Torry Kittles (left) and Robert Sean Leonard in "King Richard II" at the Old Globe. Photo by Jim Cox.
From then-President-elect Trump’s insistence last November that theater be a “safe” place to the recent right-wing excoriation of a New York production featuring a Trump-like “Julius Caesar,” the theatrical stage has been in the crosshairs of the new presidency’s disregard for, and even rancor over, the arts. While the Old Globe announced its 2017 Summer Shakespeare Festival season before The Donald was elected, it’s nonetheless providential that the opening production happens to be King Richard II. A grim but poetical play immersed in questions of power, entitlement and betrayal, it’s a fitting and topical vehicle for this Summer of Bob Mueller.
Even without making contemporary correlations, King Richard II is cracking good political theater. Written in verse, this Shakespeare history (an anchoring point for the subsequent Henry IV, Part 1, Henry IV, Part 2 and Henry V) pits King Richard II (Robert Sean Leonard), who believes he wears the crown by divine right (or mandate?), against his cousin Henry Bolingbroke (Tory Kittles), who with righteousness and an army of rebellious allies seeks to depose the weak king. The future not only of England but of those bound to either man by blood or loyalty is at stake.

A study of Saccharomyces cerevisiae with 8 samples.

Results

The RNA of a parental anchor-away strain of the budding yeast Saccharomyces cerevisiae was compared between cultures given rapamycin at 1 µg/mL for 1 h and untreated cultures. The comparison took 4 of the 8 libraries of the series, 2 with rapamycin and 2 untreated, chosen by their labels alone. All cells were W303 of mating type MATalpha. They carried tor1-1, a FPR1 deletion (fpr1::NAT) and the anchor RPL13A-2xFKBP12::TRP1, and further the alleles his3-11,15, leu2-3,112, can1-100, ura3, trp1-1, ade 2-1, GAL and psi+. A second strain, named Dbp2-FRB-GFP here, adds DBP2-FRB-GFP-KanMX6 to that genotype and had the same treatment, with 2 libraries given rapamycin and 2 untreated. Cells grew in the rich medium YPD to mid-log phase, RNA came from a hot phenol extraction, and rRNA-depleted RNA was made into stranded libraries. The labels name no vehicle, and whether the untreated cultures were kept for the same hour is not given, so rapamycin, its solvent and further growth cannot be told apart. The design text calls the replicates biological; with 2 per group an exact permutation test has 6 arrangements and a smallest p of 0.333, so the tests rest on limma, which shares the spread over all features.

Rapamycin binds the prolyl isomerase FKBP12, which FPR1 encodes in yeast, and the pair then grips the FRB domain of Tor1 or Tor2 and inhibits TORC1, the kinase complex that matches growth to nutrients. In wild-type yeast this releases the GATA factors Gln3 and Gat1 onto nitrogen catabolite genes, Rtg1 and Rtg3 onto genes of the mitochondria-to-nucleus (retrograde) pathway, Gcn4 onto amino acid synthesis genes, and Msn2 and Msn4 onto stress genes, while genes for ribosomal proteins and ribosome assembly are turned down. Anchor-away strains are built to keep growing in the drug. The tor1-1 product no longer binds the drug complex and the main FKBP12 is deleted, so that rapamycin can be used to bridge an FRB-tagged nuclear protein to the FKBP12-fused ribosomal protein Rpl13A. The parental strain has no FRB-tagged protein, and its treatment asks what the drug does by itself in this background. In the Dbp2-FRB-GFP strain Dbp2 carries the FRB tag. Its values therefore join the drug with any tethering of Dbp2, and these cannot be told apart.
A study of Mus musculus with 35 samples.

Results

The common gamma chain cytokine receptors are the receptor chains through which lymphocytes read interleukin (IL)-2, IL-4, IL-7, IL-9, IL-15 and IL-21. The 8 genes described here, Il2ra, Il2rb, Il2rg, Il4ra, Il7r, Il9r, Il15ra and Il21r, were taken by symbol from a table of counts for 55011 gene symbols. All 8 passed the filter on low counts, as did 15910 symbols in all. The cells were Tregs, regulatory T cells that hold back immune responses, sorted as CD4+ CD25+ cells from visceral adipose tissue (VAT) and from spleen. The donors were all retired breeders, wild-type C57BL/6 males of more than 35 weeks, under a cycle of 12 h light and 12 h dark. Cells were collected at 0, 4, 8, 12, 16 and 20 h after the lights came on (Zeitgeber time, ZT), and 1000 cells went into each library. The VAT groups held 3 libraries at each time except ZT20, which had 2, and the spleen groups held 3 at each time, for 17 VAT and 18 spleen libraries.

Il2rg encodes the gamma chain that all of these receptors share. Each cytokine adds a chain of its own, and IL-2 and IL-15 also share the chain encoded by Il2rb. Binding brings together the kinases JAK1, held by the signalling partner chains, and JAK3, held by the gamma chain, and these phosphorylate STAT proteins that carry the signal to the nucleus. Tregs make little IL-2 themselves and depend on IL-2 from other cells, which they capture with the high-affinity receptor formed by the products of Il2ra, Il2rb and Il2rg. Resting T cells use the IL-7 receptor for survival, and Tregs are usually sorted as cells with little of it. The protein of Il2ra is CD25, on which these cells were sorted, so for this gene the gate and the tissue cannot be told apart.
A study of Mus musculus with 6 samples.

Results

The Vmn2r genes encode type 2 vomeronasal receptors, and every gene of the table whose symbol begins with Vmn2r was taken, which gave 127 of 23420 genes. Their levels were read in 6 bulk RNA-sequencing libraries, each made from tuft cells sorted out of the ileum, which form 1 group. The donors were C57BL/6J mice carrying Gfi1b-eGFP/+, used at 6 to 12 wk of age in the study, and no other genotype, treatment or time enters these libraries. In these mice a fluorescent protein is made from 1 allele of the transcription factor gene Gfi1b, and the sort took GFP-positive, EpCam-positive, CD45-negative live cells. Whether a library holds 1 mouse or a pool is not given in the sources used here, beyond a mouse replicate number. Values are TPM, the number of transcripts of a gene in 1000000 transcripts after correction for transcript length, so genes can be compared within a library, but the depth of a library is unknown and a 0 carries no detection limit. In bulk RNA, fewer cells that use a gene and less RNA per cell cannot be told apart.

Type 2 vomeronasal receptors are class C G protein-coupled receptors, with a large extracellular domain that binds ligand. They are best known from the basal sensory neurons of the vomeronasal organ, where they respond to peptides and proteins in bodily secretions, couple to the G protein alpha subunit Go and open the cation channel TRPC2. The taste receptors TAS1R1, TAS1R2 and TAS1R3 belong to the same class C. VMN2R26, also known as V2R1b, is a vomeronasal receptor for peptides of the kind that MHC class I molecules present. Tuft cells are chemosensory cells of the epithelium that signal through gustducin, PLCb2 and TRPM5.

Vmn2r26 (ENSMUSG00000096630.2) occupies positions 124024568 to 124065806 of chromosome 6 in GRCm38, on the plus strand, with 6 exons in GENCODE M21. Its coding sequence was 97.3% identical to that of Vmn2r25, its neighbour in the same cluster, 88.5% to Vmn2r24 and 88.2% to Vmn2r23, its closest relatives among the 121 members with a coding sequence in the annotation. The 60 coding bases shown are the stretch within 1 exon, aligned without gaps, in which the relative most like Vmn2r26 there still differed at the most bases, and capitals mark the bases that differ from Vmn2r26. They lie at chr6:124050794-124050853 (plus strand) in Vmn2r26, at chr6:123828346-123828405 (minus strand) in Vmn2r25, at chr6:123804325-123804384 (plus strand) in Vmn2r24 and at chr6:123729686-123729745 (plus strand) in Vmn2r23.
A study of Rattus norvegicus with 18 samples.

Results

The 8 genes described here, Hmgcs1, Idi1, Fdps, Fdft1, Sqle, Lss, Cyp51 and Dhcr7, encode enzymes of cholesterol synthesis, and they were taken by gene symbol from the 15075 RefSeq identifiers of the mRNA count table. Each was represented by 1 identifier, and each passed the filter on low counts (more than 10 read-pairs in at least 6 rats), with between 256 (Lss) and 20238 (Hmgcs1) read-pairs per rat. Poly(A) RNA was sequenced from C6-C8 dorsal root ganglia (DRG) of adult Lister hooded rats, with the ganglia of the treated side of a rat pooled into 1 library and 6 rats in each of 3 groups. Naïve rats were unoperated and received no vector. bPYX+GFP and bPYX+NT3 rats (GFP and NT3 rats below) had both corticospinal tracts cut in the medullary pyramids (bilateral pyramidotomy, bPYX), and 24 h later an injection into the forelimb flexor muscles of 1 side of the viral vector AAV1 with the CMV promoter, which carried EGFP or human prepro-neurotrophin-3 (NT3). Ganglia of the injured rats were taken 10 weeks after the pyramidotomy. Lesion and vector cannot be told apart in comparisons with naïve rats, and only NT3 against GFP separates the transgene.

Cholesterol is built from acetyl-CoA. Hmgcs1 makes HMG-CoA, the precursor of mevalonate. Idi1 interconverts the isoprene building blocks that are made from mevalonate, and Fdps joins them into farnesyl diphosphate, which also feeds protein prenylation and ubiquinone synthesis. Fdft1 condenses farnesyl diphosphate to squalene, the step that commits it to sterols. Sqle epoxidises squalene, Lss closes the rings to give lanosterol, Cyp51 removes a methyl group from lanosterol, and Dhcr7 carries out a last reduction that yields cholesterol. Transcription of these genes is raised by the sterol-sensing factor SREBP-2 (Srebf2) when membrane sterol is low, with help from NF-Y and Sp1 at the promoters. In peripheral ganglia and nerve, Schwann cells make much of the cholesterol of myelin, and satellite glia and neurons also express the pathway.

Erica Schmidt directs a production on the Globe’s outdoor Lowell Davies Festival stage that rightly focuses on the inevitability of Richard’s fall and, more so, the damage from his usurpation to his faith and to the very core of his inner self. This is clearest and most profound late in the second act, with Leonard intuitively portraying a man, not a ruler ordained by God, whose fate is foredoomed.
Kittles’ Bolingbroke is by contrast more measured, though he effects little charisma. But both Charles Janasz’s fiery John of Gaunt and Patrick Kerr’s excitable Duke of York enliven each scene in which they appear.
From a visual perspective, John Lee Beatty’s monolithic castle-wall set is apt and imposing, and Andrea Lauer’s costumes are evocative down to the finest detail.
With its lone duel in armor aborted early, the language-heavy King Richard II can be plodding. Its conflicts are those of conscience – not always the loudest, but often the most searing. (Review originally published June 21 in San Diego Citybeat.)